The Metropolitan Museum of Manila presents Mapping the Philippine Seas, an exhibition of antique maps and charts of the Philippine archipelago dated from the early 16th century to the late 19th century.
Made possible through the partnership with the Philippine Map Collectors Society (PHIMCOS), the exhibition consists of 165 original maps and sea charts from the private collections of PHIMCOS members and from the collection of the GSIS museum.
The collection includes significant maps like a reproduction of the “Selden Map” courtesy of the Bodleian Library in Oxford, the maps where the names “Filipina” and “Las Philippinas” first appeared, and the “Treaty of Paris” map. Among other maps, some are made by well-known cartographers such as Robert Dudley, Alexander Dalrymple and Jacques-Nicolas Bellin, and others are from the Spanish, British and French admiralties.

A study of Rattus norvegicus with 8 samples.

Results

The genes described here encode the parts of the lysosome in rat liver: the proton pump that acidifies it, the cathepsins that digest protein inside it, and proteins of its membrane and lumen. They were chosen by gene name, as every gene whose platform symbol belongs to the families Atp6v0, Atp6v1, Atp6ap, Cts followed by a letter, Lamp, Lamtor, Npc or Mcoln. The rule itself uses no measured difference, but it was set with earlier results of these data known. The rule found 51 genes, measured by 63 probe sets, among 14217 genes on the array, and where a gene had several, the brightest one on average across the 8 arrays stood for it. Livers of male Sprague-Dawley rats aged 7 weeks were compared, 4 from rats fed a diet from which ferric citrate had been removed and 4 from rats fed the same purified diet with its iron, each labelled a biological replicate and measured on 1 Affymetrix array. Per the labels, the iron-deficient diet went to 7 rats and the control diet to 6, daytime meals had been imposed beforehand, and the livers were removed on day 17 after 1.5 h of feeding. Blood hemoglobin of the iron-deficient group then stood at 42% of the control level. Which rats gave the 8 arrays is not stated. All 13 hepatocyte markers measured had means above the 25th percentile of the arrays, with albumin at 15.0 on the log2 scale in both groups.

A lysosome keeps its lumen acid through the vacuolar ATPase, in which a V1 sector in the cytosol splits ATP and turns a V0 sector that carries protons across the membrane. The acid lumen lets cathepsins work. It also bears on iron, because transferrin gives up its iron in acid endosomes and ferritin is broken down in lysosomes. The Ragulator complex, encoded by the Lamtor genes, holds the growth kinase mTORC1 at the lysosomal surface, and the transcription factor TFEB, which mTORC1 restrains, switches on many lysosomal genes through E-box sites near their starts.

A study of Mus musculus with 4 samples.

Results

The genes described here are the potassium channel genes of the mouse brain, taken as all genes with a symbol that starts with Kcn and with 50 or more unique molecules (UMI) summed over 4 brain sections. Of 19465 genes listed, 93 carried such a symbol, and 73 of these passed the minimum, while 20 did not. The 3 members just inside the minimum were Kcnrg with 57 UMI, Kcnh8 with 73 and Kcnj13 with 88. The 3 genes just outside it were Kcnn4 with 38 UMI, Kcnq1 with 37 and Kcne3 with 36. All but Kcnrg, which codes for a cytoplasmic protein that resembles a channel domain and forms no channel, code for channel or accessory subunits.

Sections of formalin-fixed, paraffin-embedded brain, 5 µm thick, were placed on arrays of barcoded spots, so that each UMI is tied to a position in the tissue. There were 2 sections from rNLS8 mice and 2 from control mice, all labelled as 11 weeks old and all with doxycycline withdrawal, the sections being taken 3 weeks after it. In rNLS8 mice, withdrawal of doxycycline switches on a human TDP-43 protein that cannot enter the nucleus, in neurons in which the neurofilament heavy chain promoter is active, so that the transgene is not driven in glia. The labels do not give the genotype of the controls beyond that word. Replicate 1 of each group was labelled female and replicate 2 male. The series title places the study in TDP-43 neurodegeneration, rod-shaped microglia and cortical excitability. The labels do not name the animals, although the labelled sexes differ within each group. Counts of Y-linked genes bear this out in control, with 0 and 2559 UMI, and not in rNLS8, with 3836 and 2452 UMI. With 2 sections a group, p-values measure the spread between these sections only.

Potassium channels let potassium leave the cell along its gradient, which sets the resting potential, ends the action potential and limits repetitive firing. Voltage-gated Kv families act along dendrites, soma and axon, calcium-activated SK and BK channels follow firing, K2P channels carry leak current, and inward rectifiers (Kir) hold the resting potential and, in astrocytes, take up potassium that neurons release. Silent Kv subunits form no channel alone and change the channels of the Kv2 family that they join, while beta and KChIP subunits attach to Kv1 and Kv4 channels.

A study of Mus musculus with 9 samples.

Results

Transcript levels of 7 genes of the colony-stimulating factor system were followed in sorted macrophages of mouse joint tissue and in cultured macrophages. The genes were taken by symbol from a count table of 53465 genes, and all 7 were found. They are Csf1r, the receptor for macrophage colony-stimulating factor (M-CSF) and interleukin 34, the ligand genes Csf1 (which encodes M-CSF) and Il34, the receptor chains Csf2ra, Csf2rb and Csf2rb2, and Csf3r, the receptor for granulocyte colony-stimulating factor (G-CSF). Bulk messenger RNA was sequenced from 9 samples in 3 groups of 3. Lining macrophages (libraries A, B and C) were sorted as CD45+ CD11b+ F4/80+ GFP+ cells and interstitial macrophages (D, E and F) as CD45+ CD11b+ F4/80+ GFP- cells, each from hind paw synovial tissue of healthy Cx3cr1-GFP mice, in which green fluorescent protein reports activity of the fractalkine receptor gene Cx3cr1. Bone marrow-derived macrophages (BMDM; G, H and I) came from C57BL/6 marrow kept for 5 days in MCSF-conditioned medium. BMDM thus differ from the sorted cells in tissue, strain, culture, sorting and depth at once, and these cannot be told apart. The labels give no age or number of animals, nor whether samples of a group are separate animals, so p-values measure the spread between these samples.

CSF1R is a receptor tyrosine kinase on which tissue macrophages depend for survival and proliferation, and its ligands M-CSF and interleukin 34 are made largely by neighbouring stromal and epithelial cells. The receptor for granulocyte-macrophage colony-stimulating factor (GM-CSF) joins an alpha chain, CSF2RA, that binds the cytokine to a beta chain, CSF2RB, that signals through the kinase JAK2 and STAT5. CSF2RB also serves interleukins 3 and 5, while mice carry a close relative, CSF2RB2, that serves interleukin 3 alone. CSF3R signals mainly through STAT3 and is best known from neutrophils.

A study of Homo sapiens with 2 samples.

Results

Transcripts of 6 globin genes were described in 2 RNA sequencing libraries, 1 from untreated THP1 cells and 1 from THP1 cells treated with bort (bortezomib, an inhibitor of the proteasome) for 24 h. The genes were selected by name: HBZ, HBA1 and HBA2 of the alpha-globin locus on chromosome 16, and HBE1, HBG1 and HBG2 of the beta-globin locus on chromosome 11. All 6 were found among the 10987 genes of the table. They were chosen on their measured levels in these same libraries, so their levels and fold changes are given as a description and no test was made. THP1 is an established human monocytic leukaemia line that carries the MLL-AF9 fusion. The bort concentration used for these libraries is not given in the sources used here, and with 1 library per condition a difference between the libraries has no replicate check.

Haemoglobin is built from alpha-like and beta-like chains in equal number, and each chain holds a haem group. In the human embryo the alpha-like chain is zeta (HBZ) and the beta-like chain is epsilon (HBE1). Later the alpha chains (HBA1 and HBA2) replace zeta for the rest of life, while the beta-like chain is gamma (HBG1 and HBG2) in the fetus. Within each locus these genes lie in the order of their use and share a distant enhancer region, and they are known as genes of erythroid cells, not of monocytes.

Another important highlight of the exhibition is the “Carta Hydrographica y Chorographica delas Yslas Filipinas,” a map produced in 1734 by Padre Pedro Murillo Velarde. The map was engraved by a Filipino artist named Nicolas de la Cruz Bagay together with Francisco Suarez for some other images. Decorated with intricate designs on its cartouche and meticulous embellishments around its surface, there are stylized images of Filipinos, Chinese, Christian, Spaniards, mestizos, and other natives from different ethnic groups.
Beyond showing this extensive collection of antique maps and sea charts, this exhibition aims to educate people about the role that the Philippines has played in the history of trade with its neighboring countries and European colonizers, explorations of faster sea passages, and navigation of safer routes through the archipelago.
The exhibition will be on-view at the MET from March 15 to April 29 and will be complemented by a series of public lectures with experts who will discuss different aspects about the history of Philippine maritime cartography. An opening reception will be held on March 14 at 6 p.m.